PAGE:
Monday, May 23, 2011

New Album: The Atomic Bitchwax - The Local Fuzz

If you've been keeping up with The Guide, you would have already read my discovery that I don't like The Atomic Bitchwax nearly as much as previously thought. Although I still find that shocking, I think it's time to move on, and the best way to do that is to review the act's latest release, The Local Fuzz. You will see some mention of this album being and EP/LP, and that is because of some general confusion of what it is to be either. One song, forty minutes in length, no words... I'd call it an EP, but others disagree. Whatever the case, it makes for an interesting listen (I hope).

The song/LP/EP kicks off with a flash; some groovy, moving bass lines, accompanying drums and a crazy-sophisticated guitar lick over it all. It's all a little repetitive, but whenever it seems to be getting a little dull TAB switches the melody in some fashion, which helps keep it alive. The changes are minute enough to not sound out of place, but they have enough of a difference/change to be noticed, for your brain to still focus on the song at hand.

At around the fourteen minute mark the song takes a significant stylistic change, sounding like a new song is beginning. For the short while it all slows down, with less emphasis on the frantic guitar and drum work of the past section. This only is maintained for a minute or so before the band all comes together, but the music following isn't wholly like the beginning of the track; there are sections of quick guitar work, but it's inter-spliced with slower jam sessions. It really feels like a different song, which is awesome for a song like this.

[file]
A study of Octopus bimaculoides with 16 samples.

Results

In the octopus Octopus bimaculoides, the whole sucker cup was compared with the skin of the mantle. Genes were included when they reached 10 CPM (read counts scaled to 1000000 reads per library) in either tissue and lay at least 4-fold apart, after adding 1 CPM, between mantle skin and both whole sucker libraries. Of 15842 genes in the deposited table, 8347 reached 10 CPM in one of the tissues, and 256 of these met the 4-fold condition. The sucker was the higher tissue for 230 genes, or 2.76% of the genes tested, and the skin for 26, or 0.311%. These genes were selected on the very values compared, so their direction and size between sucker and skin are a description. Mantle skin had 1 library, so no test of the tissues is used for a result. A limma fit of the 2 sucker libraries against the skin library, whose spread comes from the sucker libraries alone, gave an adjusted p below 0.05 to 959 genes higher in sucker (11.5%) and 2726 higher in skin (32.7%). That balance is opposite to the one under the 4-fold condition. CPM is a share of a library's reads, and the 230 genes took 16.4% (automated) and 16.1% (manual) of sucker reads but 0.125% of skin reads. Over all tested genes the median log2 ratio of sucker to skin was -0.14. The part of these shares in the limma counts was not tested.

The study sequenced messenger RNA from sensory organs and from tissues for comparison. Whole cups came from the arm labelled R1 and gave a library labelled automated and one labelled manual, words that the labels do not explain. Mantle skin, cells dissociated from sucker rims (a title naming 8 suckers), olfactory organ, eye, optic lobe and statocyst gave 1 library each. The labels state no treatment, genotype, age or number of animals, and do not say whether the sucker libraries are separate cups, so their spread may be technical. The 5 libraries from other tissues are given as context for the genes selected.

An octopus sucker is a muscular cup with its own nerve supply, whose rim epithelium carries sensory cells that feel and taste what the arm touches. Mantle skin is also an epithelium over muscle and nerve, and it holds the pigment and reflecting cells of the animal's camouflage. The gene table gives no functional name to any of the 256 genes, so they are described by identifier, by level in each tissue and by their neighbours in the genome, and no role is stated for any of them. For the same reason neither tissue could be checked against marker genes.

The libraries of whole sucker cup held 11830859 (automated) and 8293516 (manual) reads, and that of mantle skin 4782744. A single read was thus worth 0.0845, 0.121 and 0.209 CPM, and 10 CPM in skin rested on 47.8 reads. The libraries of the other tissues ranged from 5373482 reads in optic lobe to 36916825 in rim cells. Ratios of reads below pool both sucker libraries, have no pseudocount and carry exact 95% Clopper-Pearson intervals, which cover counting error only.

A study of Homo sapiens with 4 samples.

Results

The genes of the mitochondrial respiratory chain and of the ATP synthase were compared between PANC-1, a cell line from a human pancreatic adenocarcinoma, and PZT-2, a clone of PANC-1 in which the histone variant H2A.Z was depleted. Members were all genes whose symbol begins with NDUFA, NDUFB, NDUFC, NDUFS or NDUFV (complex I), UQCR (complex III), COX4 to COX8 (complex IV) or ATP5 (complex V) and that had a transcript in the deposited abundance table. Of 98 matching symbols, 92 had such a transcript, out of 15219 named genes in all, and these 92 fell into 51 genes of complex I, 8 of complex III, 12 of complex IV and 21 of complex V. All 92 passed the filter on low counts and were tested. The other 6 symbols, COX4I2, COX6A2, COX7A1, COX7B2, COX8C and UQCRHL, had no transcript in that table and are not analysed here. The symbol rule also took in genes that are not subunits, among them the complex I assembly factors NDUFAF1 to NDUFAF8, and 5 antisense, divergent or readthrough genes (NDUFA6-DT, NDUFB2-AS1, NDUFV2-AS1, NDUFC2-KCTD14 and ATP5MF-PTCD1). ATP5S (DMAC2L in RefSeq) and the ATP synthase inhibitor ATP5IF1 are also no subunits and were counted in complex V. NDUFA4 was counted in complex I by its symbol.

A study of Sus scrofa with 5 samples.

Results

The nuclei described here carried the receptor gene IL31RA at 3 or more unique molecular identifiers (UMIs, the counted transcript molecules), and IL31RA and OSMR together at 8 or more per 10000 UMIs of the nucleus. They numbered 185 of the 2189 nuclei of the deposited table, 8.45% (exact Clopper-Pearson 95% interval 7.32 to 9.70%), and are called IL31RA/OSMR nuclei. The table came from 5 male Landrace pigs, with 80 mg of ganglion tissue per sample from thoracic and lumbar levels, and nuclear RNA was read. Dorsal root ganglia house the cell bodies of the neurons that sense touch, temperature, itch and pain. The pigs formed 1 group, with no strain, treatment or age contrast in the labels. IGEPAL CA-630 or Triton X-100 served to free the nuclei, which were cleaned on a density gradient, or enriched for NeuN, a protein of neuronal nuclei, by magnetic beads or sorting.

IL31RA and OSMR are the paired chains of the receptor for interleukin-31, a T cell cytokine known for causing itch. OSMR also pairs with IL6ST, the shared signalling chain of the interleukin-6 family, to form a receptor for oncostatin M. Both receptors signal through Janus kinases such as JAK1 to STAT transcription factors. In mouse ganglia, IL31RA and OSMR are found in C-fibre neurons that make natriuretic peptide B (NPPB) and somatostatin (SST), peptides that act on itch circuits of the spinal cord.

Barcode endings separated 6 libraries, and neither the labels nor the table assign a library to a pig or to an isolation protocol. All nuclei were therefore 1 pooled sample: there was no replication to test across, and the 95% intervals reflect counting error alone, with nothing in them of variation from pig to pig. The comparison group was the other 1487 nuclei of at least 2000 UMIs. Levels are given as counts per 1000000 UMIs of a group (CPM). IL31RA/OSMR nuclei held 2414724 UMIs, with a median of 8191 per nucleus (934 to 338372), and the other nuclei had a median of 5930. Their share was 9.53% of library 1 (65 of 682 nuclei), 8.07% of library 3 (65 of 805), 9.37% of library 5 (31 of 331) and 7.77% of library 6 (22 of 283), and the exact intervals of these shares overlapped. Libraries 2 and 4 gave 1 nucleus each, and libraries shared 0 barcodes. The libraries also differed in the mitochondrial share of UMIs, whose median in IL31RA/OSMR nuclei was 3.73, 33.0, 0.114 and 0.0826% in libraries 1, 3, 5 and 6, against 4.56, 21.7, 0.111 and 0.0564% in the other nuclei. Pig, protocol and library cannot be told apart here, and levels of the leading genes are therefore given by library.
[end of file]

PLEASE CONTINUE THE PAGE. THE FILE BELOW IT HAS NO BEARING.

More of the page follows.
Once again, twenty-three minutes in, there is a massive stylistic change. Moving away from the stoner/groove/jam back-and-forths, this time TAB slows it all down, into a sort of psychedelic-induced-coma. The tempo is way down, the guitars, bass and drums all become much more calm and reserved, with no freak out sections of the past. After a few minutes of this, the song begins a build-up, again not to the level heard before, but the tempo is slowly increased, instruments begin to get more pronounced and some of the fast moving guitar work creeps in. Culminating at minute twenty nine, where it all fades back into the psychedelic jam, just like back at the beginning of this paragraph.

"The Local Fuzz" continues this psychedelia-jam into a build up back to jam for quite some time. There a couple of interesting breakdowns in there, but on the whole it's most of the same. That all changes close to the end, around thirty-eight minutes in, where this time, when the song cycles down, instead of coming back in the same fashion, it's a return to the second style held within this mega-track. Back is the stoner/groove/jam of the third paragraph above. And this is the style that wraps up the song, the LP, the latest from The Atomic Bitchwax.

The Local Fuzz is something different, from either The Atomic Bitchwax or from what you'd normally expect from a stoner band. The one, forty-plus minute song is a rollercoaster ride between styles and genres of stoner music. There is a little of the old/original style of stoner, the psychedelic sounds, and something from the more modern era, the jam/guitar heavy bits. With the LP/EP (whatever you want to call it) being only one song - and an instrumental one at that - I'm really surprised with how well the act pulled it off. I didn't really find myself being bored too much through it, something that is the bane of both instrumental tracks and overwhelmingly long songs. TAB kept the music flowing and evolving enough to keep my attention throughout most of the song. There were a few sections that lagged behind the rest, but fortunately the song had enough changes of style close together for that to never be a real problem. While this isn't my favorite album by The Atomic Bitchwax, it is definitely up there (of course as we have seen, that is a bit of a low bar), and I'd suggest giving it at least one try.